1st confirmed kill of Chally 2 in Ukraine

Justvseen on BBC

BBC’s OSINT must be pretty poor; this has been doing the rounds since last week.


I missed it as well :pensive:

The gossip says that it hit a mine (though the damage to other vehicles in the formation might suggest an artillery strike), which immobilised it and set the fuel tank on fire, and it was then hit by a Lancet Loitering Munition which did the deed.

Crew, according to ‘defence sources’, walked away after the first hit.


Despite being the first Chally 2 combat loss, I think this stands as an example of just how survivable they are: especially compared with all the burnt-out, turretless husks of Former Soviet Union tank hulls in Ukraine.


I’d heard similar, disabled by a mine, crew left it and then it was attacked by a drone.

I won’t be surprised if they are are all broken by winter, but I’d be surprised of many enter the Great Ukrainian Turret Throwing Contest.

The big problem for Ukraine is that they’ve got one Army, they are going to break it beating the Russians back, and they don’t have an Army waiting to replace it for next year’s fixture.

I don’t see much new gear being promised - that broadly what they’ve got is what they’re going to get.

It’s not enough.

I see the big issue as the one they’ve quietly admitted already; they lack air superiority.

The F16s might help with this, but do they have the numbers of pilots needed to gain the upper hand?


I remember hearing of a Challenger 2 being knocked out by an IED in Iraq during the later Op Telic counter-insurgency phase; earlier in that operation another had been immobilised by heavy fire supporting infantry operations in Basra during the initial occupation of that city. It was recovered under fire.
At Cambrai in 1917, 180 out of 386 British tanks were lost to all causes in one day of battle, and that was a great allied victory. The British ‘supplied’ around 180 tanks to the German Army through losses in WWI: the photos of MkVI tanks with Freikorps soldiers in German cities during the 1918-21 German Civil War are battle trophies, not post-WWI surplus sell-offs, which I once thought they were.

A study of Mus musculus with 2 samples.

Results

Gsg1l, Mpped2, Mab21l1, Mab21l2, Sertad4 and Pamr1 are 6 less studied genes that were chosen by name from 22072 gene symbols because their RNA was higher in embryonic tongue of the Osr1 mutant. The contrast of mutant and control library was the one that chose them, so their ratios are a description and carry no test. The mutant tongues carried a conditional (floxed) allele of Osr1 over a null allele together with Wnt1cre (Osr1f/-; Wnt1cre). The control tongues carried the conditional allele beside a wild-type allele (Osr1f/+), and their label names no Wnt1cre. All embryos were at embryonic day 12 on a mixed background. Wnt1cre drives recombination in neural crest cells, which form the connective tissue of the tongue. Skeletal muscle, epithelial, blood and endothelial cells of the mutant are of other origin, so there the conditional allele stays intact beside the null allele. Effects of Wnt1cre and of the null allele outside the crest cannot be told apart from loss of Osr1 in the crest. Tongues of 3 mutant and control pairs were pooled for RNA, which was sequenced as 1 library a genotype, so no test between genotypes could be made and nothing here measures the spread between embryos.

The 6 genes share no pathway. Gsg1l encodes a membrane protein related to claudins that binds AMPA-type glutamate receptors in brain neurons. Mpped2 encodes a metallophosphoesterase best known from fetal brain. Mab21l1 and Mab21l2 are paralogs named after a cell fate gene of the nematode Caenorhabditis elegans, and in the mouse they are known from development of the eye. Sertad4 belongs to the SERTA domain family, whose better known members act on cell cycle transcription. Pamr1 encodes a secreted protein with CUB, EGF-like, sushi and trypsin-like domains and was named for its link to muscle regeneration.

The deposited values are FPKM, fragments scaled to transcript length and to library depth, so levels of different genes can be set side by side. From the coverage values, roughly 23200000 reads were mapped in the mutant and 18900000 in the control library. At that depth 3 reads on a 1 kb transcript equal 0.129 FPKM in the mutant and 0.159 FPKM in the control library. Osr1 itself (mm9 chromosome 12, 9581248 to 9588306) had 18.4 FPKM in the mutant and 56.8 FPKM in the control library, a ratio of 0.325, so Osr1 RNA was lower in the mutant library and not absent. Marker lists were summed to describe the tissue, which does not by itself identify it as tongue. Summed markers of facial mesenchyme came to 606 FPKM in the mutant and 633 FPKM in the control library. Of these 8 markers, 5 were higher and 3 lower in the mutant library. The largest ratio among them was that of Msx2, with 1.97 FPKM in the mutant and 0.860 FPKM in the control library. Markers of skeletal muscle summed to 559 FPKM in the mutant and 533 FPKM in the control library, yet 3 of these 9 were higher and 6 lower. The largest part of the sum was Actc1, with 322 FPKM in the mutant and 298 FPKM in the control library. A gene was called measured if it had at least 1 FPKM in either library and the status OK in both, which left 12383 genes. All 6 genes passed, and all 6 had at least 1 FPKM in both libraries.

Tanks of all nations have always been highly disposable war materiel, even the good ones. :roll_eyes:

British Challenger 2 lost in GW 2 in a blue on blue incident.

Pretty sure the initial BBC report said all 3 things, but a mine then the drop shorts had a go and then a drone finished the job.

With only 1 Companies worth I actually expected them to be held in reserve to block gaps etc.

Have they been given much in the way of SAMS? The F-16’s will change the game a lot, but having the Russian air power thinned out first would really help, that plus a decent ARM to knock back the Russian AA capability.

Abrhams aren’t due until next year and the US has just confirmed that they will be coming with DU rounds for the main gun. Although US support going forward is somewhat conditional on who gets the nominations and who ultimately wins the election.

Off the top of my head I think they’ve been given Patriot and NASAMS. They’ve also been given HARM, but it will work much better when fitted to F-16s than botched retrofitted to MiG-29 FULCRUM.


An Abrams was mobility KO’d during the Thunder Run through the outskirts of Baghdad during the 2003 Invasion of Iraq. An RPG round hit the engine through the air intake: there’s not much protection one can put over that sort of weak spot, particularly against more powerful munitions.

Note that the T14 will not be deployed by the Russians to Ukraine, because they are worried that it will be captured by the other side.